Competition Bureau challenges SROs to prove that regulations serve the public interest

This item addresses the 2007 report, Self-regulated professions Balancing competition and regulation , from Canada’s competition watch dog, the Competition Bureau:   The Bureau has also indicated that it plans to release a follow-up report in 2009.

The challenges

This report challenges all regulators of professions and occupations to prove that regulations serve the public interest more than they stifle competition and the benefits that consumers derive from fair competition in the marketplace. Foremost, it challenges regulators (particularly SROs) to be clear about what public interest is being protected by regulation.  Is it really public interest or the self interest of the profession that is being protected?  The Bureau’s view is that unnecessary regulation stifles the marketplace. The report is also clear that it is not about deregulation — it’s about unnecessary regulation.  In this category of unnecessary regulation the Bureau presents many challenges; here are three examples:

  1. Prove the merit of advertising restrictions on professional services since these restrictions prevent the public from learning about and differentiating services and making better choices;
  2. Prove the merit of overly restrictive entry to practice conditions that act as barriers to qualified newcomers who would otherwise add zest to a marketplace that is perhaps too comfortable for established incumbents;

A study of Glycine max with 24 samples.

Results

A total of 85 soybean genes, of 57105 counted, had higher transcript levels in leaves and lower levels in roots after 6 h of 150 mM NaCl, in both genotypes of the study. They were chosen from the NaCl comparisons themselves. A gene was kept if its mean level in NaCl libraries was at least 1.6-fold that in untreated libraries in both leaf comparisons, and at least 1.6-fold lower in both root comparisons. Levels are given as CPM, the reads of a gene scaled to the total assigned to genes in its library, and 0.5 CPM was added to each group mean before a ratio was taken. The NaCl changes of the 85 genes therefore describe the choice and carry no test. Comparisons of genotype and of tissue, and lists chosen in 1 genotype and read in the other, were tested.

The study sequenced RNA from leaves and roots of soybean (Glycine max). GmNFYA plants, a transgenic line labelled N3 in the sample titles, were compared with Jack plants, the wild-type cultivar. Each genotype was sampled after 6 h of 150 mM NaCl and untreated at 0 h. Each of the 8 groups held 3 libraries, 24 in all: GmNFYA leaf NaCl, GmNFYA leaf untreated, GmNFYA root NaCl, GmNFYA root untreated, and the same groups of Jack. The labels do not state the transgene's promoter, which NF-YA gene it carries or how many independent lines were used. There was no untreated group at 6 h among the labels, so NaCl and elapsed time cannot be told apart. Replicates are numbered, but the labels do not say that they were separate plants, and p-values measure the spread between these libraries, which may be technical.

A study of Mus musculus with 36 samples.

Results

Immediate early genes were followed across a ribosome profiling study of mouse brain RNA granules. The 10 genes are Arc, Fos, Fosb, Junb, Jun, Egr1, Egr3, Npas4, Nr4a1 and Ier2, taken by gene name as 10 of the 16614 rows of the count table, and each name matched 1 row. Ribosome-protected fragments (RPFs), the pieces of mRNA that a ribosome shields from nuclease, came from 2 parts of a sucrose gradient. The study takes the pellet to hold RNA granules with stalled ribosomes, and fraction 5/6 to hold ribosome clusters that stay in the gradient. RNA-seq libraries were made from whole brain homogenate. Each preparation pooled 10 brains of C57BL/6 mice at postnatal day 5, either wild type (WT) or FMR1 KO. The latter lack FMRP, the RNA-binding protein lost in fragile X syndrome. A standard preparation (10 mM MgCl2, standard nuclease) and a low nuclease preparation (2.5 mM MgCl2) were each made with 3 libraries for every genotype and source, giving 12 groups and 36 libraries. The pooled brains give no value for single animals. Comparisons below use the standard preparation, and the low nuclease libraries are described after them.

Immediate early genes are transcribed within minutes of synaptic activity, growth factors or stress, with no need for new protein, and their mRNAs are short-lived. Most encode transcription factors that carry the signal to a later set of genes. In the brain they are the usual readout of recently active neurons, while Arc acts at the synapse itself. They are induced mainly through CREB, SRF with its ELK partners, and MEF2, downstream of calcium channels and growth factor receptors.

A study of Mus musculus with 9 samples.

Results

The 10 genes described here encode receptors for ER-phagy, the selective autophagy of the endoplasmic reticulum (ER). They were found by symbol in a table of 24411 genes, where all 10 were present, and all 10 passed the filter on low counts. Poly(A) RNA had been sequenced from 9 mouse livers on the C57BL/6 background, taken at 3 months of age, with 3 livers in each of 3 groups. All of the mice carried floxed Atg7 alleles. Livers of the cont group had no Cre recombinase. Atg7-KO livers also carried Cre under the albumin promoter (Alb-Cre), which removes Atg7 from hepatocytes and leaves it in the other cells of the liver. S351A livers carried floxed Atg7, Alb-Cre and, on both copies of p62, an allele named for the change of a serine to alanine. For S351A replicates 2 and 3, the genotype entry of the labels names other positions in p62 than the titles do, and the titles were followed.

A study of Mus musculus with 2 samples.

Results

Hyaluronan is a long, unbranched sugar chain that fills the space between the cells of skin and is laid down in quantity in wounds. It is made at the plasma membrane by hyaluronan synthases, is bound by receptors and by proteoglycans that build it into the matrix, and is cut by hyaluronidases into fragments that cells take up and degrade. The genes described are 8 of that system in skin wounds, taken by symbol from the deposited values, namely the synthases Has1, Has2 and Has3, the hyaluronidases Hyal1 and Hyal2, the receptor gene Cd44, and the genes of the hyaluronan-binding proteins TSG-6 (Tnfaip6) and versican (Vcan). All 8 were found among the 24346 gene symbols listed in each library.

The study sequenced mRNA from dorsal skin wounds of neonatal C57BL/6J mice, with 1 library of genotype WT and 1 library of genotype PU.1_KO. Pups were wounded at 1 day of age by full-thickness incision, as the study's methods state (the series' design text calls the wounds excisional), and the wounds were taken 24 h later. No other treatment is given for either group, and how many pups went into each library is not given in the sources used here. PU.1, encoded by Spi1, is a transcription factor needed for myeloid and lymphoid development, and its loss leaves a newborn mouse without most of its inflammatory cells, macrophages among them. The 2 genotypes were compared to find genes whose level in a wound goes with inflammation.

3. Prove the merit of practice exclusivities and too broadly defined scopes of practice that limit work that can be competently performed by assistants or other professionals at lower cost.

The overall challenge is this, prove that your regulations serve a greater public interest because unnecessary regulations have a damaging effect on competition and in the aggregate, masses of unnecessary regulation damage overall productivity in the economy.

Concern about low productivity is driving this

On this theme, the report opens with this zinger, followed by a solid economic analysis:

Despite comprising a significant part of the service economy in Canada, perhaps as much as one fifth, the professions comprise one of the overall economy’s least productive sectors.

The economic analysis makes it clear that the costs associated with professional services find their way into every other product and service in the economy; hence the concern about low productivity.

Mission clarity is important

Harm reduction or protecting the public interest is the core mission of regulation and it’s reasonable that there needs to be clarity about the primary mission–about what public interest is being protected. Taking a cue from risk management, clarity about the objective is the starting point.  What harm are we to prevent or mitigate and what good are we trying to foster? For a regulator, it’s all about the public interest. If the public interest involves crime prevention, a safety issue, then the public interest is likely quite clear. Regulations are put in place to prevent theft, personal injury or worse. However, in some areas of social regulation or economic regulation, the idea of the public interest becomes harder to define–but nevertheless, important to define.  Regulators need to define the public interest or be vulnerable to the criticism of creating unnecessary regulations that damage another public interest–a healthy marketplace.

Defining the public interest

Standards are useful in establishing public interest-especially if they have been developed through an open process of stakeholder consultation. Public expectations are also useful if there is a systematic and reliable method of establishing this: perhaps through an analysis of complaints, surveys or media reports.